Guest comment: Benjamin Lehrer on threats to private equity

We’ve reached the turning point. Capital overhangs cause deal chasing and nosebleed auction multiples are now the standard. The off-market deal is the golden goose, yet attractive companies have little reason to shy away from sale processes.

PE firms don’t want to miss out on four to six years of fees and upside as funds transition to harvest periods, so expect that capital to be put to work, one way or another.

Unfortunately, business performance isn’t matching the multiple exuberance. S&P 1500 Ex-Financials EBITDA peaked at the end of 2014, yet net debt has exploded with loose credit conditions and a focus on return of capital to shareholders, rather than capex. Rarely, if ever, have net debt and EBITDA growth diverged so dramatically – if the US economy falters, there is little room for error.


So why has the PE model worked for so long? Performance. While two and 20 is an aggressive comp model, most investors lack an alternative to access the asset class. However, following decades of outperformance against stocks, fund vintages have underperformed their public market peers since the 2006-07 market peak prior to the global financial crisis.

Top performers continue to attract capital in the traditional fee model, but what about everybody else? Two and 20 looks okay with IRRs in the high teens and above, but how does it look under 10 percent? The next turn of the cycle will be punishing, especially if investors view lower returns as a new normal for the asset class. Add in benchmarking, where half of funds will lag their peers and struggle in fundraising, and you have the perfect storm.

Will this winter choke off private equity? No – just the opposite. Traditional asset classes remain in a prolonged period of uncertainty, and US demographic trends are a positive for private equity. Retiring baby boomers need buyers for their successful businesses, and private equity is a natural liquidity provider. Funds of all sizes are targeting these transitioning businesses.

However, mid-market firms will feel the squeeze. Larger players are moving down-market for platform add-ons and smaller deals, and there is rising competition from non-fund sources with deal flexibility and ways to establish working relationships beyond upfront transaction catalysts. 


Solid track records are a function of nailing all these, yet GP teams need not bear all the burden themselves. Top-tier firms will differentiate through competency allocation, particularly through new ways of accessing third-party sourcing channels and operational improvement expertise.

Dealflow wins. Dedicated business development professionals are now PE fixtures, something rarely seen when funds were scarce and deals aplenty. Industry and market relationships are a necessity, but another dealflow approach is growing – having others do it for you.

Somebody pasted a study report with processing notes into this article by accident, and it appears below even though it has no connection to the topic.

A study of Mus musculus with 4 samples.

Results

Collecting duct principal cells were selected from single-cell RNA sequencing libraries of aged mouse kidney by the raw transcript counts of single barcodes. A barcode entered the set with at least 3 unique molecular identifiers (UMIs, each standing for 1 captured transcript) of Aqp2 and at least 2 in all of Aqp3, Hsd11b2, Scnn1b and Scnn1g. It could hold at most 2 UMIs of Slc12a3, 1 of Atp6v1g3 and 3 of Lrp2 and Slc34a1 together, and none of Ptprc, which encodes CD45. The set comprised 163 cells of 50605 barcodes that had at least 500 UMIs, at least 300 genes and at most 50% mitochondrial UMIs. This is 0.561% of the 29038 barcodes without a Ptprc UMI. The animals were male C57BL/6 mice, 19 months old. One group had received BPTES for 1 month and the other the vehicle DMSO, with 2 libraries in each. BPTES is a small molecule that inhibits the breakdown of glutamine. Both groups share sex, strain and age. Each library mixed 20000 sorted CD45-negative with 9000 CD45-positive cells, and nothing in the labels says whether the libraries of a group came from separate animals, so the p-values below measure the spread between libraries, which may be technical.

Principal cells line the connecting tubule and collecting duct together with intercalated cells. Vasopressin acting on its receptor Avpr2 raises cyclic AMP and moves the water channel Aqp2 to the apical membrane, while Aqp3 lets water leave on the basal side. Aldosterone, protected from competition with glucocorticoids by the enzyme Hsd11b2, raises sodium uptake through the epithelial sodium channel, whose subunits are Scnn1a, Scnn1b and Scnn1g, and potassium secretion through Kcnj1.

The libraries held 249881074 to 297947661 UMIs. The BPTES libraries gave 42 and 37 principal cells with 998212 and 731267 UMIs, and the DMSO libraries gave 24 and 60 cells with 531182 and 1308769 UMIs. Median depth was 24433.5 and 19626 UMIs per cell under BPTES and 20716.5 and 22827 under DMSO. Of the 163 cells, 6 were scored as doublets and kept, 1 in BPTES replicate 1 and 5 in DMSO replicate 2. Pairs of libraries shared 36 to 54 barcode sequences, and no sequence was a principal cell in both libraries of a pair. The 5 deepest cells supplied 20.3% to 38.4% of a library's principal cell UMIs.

Innovative advisory offerings and independent sponsor deals are playing a bigger role in the lower end of the market, where GPs are not set up to transact efficiently. After all, a $25 million transaction requires the same process as a $200 million one. For GPs pushing down-market, the answer is not to double or triple their bench, especially if fees are under pressure.

PE-savvy professionals are creating new models to help companies manage growth, determine optimal capitalisation, and streamline PE partner selection and transaction execution. They are solving the capital readiness gap defined by murky financials, loose management processes, and a lack of information flow and systems. Private equity firms won’t fill this role, as their limited partner agreements often exclude such activities – ultimately, they’re not consulting firms.

Private equity firms are holding on to their investments longer and relying more on portfolio companies’ operational improvement to drive returns. Financial engineering has its limits, banks face increasing regulation, and balance-sheet wizardry cannot be counted on as a long-term return generator.

Operational improvement is another area poorly suited to the GP. Unlike the transaction engine drawing constant bandwidth, portfolio company initiatives tend to be project-driven. The opportunity cost of using GP resources is high, while SEC oversight on expense charge-throughs adds an administrative burden.

The answer is third-party expertise. Newer consulting firms are building their value propositions specific to private equity’s needs, easing sponsor-portfolio company communication friction while focusing on tactical, value-creating solutions. Structured as a seamless extension of their own GP teams, private equity now has the tools to run lean and address the realities of longer hold periods.

The coming winter will bring about structural changes to a PE model which has held steady for a generation. While harsh seasons bring challenges, adaptation and innovation will find a way. Private equity remains a critical asset class for investment portfolios and will continue to grow – the winners recognise the threats and will leverage lean, laser-focused teams while embracing outside expertise. Funds that see just another cycle risk seeing their houses wiped from the map. Are you ready to act?

Benjamin Lehrer is an investment professional serving the private equity and small and midsize business communities. He is a director and leader of the Texas practice for Accordion Partners (, a New York-based financial consulting firm executing value-creation initiatives for private equity portfolio companies. Lehrer is also the founder of First Water Advisors (, a Houston advisory and investment firm positioning SMBs for growth and institutional capital investment.